ALAMEDA, Calif. — Voters in California’s statewide primary election on Tuesday will consider more than $1.8 billion of local general obligation bond measures — a relatively small amount by recent standards — with most of the political heat being generated by the race for governor.
There are 22 local bond measures around the state, according to data compiled by Ipreo and Michael Coleman, an expert on California government finance.
It’s a far cry from the last regularly scheduled statewide election, in November 2008, which featured more than $40 billion of bond measures, including $24.8 billion from school districts and other local agencies. More than $35.3 billion was approved.
Much of the attention in next week’s primary is focused on the governor’s race — or at least the race for the Republican nomination between Steve Poizner and Meg Whitman.
The two tech multimillionaires have spent freely in an effort to win the GOP nod in the race to succeed the termed-out Arnold Schwarzenegger.
Statewide elections are often key occasions for school bonds. That’s because the conditions under which a school GO measure can be approved with only 55% of the vote include a provision requiring the election to be held in conjunction with a regular election throughout the district, such as this one. Otherwise, school measures needs a two-thirds vote to pass.
All other local GO bond measures require a two-thirds approval rate in any election, including the largest measure on the ballot Tuesday.
San Francisco is asking voters to authorize $412 million of GO bonds to finance refits and upgrades to police and fire facilities.
The two biggest school bond measures both come from Contra Costa County, east of San Francisco.
The West Contra Costa Unified School District, based in Richmond, is asking voters to approve a $380 million bond authorization, while the Concord-based Mount Diablo Unified School District is seeking $348 million.
For the West Contra Costa district, it’s the fifth time since 1998 it has gone to voters for a GO bond authorization. Voters approved the previous four, authorizing a total of $890 million for the 28,000-student school system.
The local bond elections have drawn relatively little attention amid the free-spending slugfest between the Republican candidates for governor.
Former eBay Inc. chief executive Whitman has raised more than $73 million for her campaign — mostly from her own pockets — through May 22, according to campaign finance reports filed with the secretary of state.
Her foe Poizner, who made his fortune in cellphone technology, reported raising $24.5 million through May 22, also mostly from his own pockets.
To put it into perspective, the combined $97 million the GOP pair reported raising through late May is more than is being requested in the 10 smallest local bond measures combined.
Polls suggest Whitman is the likely winner. She would face Attorney General Jerry Brown, who used his statewide name recognition — earned during his terms as governor from 1975 to 1983 — to freeze out any serious Democratic primary challengers.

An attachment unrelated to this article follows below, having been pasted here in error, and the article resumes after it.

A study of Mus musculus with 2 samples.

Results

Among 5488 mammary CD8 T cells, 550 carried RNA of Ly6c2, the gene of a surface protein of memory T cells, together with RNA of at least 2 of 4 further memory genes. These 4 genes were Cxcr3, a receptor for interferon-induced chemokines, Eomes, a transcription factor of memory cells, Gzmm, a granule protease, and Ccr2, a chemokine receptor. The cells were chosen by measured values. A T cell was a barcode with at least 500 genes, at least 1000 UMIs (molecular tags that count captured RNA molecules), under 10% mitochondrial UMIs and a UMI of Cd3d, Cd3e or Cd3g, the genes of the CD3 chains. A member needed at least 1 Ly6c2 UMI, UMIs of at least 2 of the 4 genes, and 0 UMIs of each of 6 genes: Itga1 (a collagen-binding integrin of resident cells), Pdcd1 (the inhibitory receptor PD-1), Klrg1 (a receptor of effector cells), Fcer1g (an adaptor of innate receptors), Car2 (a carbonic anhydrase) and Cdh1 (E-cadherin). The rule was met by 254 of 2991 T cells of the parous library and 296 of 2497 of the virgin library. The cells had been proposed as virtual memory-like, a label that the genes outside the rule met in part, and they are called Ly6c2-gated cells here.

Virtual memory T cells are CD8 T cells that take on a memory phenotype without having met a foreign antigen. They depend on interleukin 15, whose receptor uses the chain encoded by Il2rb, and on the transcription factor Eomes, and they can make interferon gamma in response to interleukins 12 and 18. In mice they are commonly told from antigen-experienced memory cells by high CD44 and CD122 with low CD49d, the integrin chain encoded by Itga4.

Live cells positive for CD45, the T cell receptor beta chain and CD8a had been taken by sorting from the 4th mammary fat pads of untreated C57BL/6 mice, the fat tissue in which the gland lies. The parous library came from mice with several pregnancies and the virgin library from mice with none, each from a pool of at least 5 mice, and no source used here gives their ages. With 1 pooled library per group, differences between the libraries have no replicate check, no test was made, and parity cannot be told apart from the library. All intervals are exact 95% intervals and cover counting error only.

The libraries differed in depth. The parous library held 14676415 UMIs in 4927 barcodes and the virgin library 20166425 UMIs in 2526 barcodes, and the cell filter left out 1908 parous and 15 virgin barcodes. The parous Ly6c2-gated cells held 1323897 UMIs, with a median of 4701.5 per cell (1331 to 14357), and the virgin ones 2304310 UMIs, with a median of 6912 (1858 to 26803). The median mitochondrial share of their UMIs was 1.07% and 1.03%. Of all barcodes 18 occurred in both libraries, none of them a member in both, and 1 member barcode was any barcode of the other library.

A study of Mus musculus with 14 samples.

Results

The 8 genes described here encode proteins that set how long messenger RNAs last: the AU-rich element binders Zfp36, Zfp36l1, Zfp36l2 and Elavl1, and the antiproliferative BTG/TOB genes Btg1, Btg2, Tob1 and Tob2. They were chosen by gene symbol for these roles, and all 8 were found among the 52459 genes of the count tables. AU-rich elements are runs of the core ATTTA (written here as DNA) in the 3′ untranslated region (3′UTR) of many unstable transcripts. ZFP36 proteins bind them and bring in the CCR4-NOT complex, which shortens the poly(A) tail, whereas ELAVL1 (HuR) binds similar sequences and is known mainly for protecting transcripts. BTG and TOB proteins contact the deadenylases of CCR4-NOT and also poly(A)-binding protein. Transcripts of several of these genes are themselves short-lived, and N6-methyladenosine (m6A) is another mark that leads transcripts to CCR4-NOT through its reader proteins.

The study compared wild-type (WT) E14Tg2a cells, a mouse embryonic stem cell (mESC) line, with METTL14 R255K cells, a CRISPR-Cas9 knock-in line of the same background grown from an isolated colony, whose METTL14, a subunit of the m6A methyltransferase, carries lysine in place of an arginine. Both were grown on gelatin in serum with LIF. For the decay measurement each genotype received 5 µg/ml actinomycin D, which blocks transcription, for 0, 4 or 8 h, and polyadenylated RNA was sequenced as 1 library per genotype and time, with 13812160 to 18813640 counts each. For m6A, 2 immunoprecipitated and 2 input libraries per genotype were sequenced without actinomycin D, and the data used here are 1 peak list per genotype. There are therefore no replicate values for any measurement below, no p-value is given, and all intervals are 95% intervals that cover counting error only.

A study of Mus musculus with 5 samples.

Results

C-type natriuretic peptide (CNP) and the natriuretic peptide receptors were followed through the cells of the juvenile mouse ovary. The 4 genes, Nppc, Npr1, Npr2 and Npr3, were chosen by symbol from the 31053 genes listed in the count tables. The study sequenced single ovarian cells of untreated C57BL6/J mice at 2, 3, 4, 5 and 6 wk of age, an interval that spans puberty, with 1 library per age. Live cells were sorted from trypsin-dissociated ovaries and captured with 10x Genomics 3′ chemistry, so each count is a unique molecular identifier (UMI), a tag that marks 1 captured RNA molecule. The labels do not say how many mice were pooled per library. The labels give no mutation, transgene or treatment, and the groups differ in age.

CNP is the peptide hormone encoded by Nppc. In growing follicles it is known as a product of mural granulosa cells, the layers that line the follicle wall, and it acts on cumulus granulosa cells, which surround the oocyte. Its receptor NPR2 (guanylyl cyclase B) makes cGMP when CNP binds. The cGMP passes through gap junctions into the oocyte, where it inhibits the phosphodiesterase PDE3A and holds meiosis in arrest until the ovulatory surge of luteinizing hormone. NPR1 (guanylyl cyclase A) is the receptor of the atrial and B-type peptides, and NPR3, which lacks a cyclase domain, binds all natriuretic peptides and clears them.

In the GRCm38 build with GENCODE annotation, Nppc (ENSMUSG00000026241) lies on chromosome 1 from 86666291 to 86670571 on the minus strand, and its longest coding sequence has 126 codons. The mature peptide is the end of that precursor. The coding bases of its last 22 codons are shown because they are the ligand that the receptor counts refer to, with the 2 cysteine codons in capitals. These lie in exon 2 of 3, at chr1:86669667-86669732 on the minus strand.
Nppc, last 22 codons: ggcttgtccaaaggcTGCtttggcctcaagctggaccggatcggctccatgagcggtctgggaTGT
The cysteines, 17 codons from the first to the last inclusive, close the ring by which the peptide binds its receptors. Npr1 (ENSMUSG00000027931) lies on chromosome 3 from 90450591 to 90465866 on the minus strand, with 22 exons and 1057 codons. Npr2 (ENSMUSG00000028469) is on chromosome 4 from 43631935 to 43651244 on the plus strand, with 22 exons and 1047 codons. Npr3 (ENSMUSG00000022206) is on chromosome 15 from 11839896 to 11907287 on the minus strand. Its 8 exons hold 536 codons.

All seven statewide constitutional offices are on the ballot.
Treasurer Bill Lockyer, a Democrat, is running for a second term. He doesn’t have a primary challenger, and will face state Sen. Mimi Walters, the only GOP candidate, in November.
Controller John Chiang also has no opposition in the Democratic primary, and is likely to face state Sen. Tony Strickland in November, in a rematch of the
All 80 seats in the Assembly are up this year, as are 20 of the 40 Senate seats, with none of the incumbents seeking another term expected to face a serious primary challenge.
Meanwhile, the dynamics of legislative elections — and also races for Congress and statewide office — would change under Proposition 14.
The measure, one of five statewide propositions, would scrap the current party primary system for state offices and congressional seats, and replace it with a “top-two” primary.
That system would have one primary ballot for everybody, with the top two vote-getters moving on to the November general election, regardless of party.
In other words, the general election may feature two Republicans or two Democrats, especially in districts with lopsided party registration numbers.
Supporters say it will lead to more moderate voices, by forcing candidates to answer to a broad general election audience, rather than the relatively small number of partisans who tend to vote in primaries.
Another ballot measure, Proposition 16, is likely to have a major impact on municipal electric utilities if voters approve it.
The measure would impose a new requirement for public utilities to secure a two-thirds vote in a ballot measure to provide electricity to new customers or establish a community choice electricity program “using public funds or bonds.”
The measure is the handiwork of one business: Pacific Gas & Electric, the San Francisco-based investor-owned utility that serves much of Northern California.
If successful, it would be close to impossible for a municipal utility to annex any PG&E service areas, and exceedingly difficult for any governments to start community-choice aggregation programs. Such programs are authorized under a 2002 state law that allows local agencies to invest in power generation and sell electricity to consumers, while delivering it through the networks of investor-owned utilities like PG&E.
Only one such program, in Marin County, has gotten off the ground so far.
PG&E has spent at least $46 million on the campaign to pass Proposition 16, according to campaign finance records, which has paid for everything from the initial signature-gathering campaign to a massive advertising blitz. There are no other significant contributors to the campaign.